The Government does not know how much British steel it buys despite the long-term crisis in the industry.
Ministers have announced they want Whitehall departments to “Buy British” to help save ailing steelworks, but the office in charge of procurement does not hold a record of how much it currently purchases.
New government guidance was published in October urging civil servant buyers to give greater consideration to British steel when building everything from battleships to schools.
But the Cabinet Office has admitted departments have not been expected to keep a record of whether cheap foreign imports are squeezing out British manufacturers until the new policy starts this month, HuffPost UK has found. Labour said it showed the Government was “standing idly by”.
The Government’s procurement budget is huge, with £178 billion being allocated to defence spending alone over the next ten years.
The revelation comes as the future of the UK’s biggest steel plant hangs in the balance after Indian owner Tata Steel announced last week it wants to sell its loss-making UK operations.
The decision puts the future of the Port Talbot works in South Wales in jeopardy, and some estimates suggest 40,000 jobs are at risk, including workers and staff at businesses reliant in the plant.
Business Secretary Sajid Javid has been accused of being “asleep at the wheel” after having to fly back from a trade mission in Australia as the crunch decision on Tata’s future was being taken in Mumbai.
At the weekend, Javid told the BBC’s Andrew Marr Show he “knew a few weeks ago” the business was in trouble.
Today, workers from Tata Steel travelled to London to urge ministers to save their industry. Tomorrow, the Prime Minister will meet the Wales First Minister at Downing Street.
The Government has yet to set out exactly what it is prepared to do to help keep the furnaces burning, offering mixed messages on whether it backs re-nationalisation - even temporarily.
Last month in a question tabled in Parliament, Labour MP Kevin Brennan asked the Cabinet Office for a breakdown of how much steel is bought domestically by each Whitehall department.
In response, Cabinet Office Minister Matt Hancock said: “The information is not held centrally.”
The Cabinet Office said today that departments have been following the new guidelines since October, but “formal reporting of compliance and activity” only begins this month. Departments will from now on be expected to publish the amount of British versus overseas steel they buy.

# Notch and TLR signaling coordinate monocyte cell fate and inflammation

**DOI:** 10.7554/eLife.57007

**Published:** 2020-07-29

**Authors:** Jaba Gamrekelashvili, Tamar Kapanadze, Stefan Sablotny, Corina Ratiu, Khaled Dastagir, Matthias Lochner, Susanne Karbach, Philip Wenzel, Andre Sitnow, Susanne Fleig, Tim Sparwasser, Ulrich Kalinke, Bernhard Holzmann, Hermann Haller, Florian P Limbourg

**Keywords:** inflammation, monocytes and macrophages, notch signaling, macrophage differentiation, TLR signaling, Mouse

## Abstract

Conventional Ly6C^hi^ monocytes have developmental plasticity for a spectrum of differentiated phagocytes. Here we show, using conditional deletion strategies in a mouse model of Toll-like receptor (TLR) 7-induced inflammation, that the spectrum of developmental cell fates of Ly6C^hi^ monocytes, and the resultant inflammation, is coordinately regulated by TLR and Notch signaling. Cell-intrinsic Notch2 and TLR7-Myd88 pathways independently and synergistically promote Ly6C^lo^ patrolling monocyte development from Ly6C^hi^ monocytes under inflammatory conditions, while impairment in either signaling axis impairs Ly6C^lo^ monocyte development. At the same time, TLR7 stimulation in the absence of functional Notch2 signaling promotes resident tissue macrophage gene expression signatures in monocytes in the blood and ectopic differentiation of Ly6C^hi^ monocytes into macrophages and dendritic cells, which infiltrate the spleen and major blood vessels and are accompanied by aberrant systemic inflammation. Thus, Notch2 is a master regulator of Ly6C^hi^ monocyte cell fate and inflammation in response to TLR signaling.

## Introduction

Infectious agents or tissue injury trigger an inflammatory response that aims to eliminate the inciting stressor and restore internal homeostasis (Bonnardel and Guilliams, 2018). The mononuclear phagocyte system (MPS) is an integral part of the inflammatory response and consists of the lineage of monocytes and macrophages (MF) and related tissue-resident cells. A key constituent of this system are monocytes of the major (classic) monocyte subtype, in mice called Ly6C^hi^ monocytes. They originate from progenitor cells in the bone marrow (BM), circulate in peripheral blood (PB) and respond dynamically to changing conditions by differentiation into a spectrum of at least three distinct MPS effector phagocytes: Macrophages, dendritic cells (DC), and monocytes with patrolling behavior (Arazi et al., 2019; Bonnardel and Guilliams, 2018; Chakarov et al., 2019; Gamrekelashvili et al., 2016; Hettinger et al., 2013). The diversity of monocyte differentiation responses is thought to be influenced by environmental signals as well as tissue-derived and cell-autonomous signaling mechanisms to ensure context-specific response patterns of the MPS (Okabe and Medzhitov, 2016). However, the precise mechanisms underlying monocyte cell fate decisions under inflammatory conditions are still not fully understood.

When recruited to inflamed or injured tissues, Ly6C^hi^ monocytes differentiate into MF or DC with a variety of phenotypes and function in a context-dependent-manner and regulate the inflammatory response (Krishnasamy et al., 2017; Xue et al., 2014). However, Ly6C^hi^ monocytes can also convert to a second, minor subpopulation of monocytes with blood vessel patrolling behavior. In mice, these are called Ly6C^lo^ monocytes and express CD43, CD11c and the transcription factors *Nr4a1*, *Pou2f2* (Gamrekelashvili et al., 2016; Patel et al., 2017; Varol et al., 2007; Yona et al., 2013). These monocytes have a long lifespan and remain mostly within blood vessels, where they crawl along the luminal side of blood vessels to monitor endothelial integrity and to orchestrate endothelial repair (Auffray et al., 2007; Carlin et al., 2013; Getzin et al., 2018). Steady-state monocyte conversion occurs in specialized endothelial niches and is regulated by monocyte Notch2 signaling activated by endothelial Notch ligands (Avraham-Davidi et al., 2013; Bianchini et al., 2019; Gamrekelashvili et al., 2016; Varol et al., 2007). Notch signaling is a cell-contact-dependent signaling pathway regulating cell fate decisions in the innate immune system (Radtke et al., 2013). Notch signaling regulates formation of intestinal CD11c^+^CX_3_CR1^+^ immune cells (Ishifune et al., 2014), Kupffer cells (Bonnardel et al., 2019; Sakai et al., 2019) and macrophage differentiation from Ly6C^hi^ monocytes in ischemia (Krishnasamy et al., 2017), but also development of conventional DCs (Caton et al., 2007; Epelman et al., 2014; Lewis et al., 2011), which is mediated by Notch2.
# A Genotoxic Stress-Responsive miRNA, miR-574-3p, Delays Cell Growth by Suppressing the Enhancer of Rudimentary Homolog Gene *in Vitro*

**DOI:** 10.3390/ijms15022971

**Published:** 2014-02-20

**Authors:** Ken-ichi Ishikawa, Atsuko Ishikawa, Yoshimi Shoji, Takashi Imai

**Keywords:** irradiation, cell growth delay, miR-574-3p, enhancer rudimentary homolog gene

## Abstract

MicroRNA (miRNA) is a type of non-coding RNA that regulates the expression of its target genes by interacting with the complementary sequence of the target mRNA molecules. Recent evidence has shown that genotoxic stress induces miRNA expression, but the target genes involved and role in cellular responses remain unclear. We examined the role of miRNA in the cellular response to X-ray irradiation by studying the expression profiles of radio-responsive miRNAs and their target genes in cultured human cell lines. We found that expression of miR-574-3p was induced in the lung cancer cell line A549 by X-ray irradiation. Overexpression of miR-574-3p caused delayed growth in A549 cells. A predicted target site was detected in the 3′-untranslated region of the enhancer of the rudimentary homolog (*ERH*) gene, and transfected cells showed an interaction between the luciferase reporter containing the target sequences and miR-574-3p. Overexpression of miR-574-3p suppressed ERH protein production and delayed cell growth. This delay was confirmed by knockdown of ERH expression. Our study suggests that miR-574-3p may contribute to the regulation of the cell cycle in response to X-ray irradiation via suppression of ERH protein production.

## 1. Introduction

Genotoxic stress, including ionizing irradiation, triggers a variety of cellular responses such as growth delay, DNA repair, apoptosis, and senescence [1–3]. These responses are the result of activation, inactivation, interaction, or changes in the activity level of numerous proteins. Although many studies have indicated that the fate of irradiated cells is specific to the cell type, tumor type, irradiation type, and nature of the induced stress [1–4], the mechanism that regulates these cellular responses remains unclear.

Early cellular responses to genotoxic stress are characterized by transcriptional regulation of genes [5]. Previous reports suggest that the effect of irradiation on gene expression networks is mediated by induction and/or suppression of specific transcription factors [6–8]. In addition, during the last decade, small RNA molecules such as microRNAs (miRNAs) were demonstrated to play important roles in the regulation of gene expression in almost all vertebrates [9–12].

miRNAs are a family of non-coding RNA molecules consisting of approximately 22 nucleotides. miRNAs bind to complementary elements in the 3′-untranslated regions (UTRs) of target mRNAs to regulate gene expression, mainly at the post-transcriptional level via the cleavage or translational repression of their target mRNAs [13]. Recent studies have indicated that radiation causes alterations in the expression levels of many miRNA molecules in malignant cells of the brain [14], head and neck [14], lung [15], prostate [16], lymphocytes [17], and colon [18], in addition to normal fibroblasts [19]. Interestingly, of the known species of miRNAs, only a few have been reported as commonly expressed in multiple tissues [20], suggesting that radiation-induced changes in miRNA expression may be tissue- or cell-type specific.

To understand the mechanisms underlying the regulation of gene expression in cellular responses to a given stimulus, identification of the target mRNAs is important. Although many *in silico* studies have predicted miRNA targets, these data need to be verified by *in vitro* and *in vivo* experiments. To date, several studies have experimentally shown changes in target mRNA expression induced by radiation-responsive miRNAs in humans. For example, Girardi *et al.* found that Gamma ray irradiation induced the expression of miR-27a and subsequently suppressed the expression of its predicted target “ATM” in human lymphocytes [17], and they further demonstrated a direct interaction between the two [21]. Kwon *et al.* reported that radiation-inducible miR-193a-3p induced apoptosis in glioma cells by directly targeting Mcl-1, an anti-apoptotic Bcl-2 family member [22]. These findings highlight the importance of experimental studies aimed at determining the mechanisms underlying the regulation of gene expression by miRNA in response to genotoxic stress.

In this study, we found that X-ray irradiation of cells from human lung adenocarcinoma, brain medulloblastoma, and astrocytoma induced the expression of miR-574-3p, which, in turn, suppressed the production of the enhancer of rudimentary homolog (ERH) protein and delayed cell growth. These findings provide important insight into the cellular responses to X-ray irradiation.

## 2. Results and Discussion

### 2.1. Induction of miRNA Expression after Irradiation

The UK’s steel industry crisis, blamed on cheap Chinese exports being “dumped” in the UK among a series factors, has already seen steelworks across the UK close down - including Redcar in the north-east last year at the cost of more than 2,000 jobs.
And departments have come under fire for opting for cheap imported steel when making procurement decisions.
Three Royal Navy ships are being built at Glasgow using 60 per cent of steel from Sweden, with only 20 per cent from Britain. A £3.5 billion contract to build 590 Ajax armoured vehicles is also using mostly Swedish imports.
The Government extended the "Buy British" policy to local authorities in the aftermath of the Tata decision. It argues the HS2 rail project and potential Trident nuclear submarine renewal will be a boost to steelmakers.
Angela Eagle MP, Labour's Shadow First Secretary of State and Shadow Secretary of State for Business, Innovation and Skills, urged David Cameron to "get a grip of the crisis which has worsened on his watch".
She said: "While the Tories may talk tough on defence they are playing fast and loose with the nation's security, because standing idly by while our steel industry goes to the wall will leave our country less safe in the future.
"We should be able to build the best kit for our brave service personnel using British steel whenever possible, and in turn support steel jobs right across the country."
Matt Hancock, minister for the Cabinet Office and Paymaster General, said: "We are going further than ever before to support British steel.
"We already know that taxpayers spend billions of pounds buying steel for public projects. So last year we changed the rules across all central government procurement to ensure buyers take into account the true value of British steel - including local impact and jobs.
"The industry is responding positively to this so I want to go further. Now we will apply this guidance across the public sector so that, from operating theatres to new buildings, public sector buyers will need to consider social and economic benefits, alongside value for money.
"When public bodies buy steel they must taking account of the true value of buying British."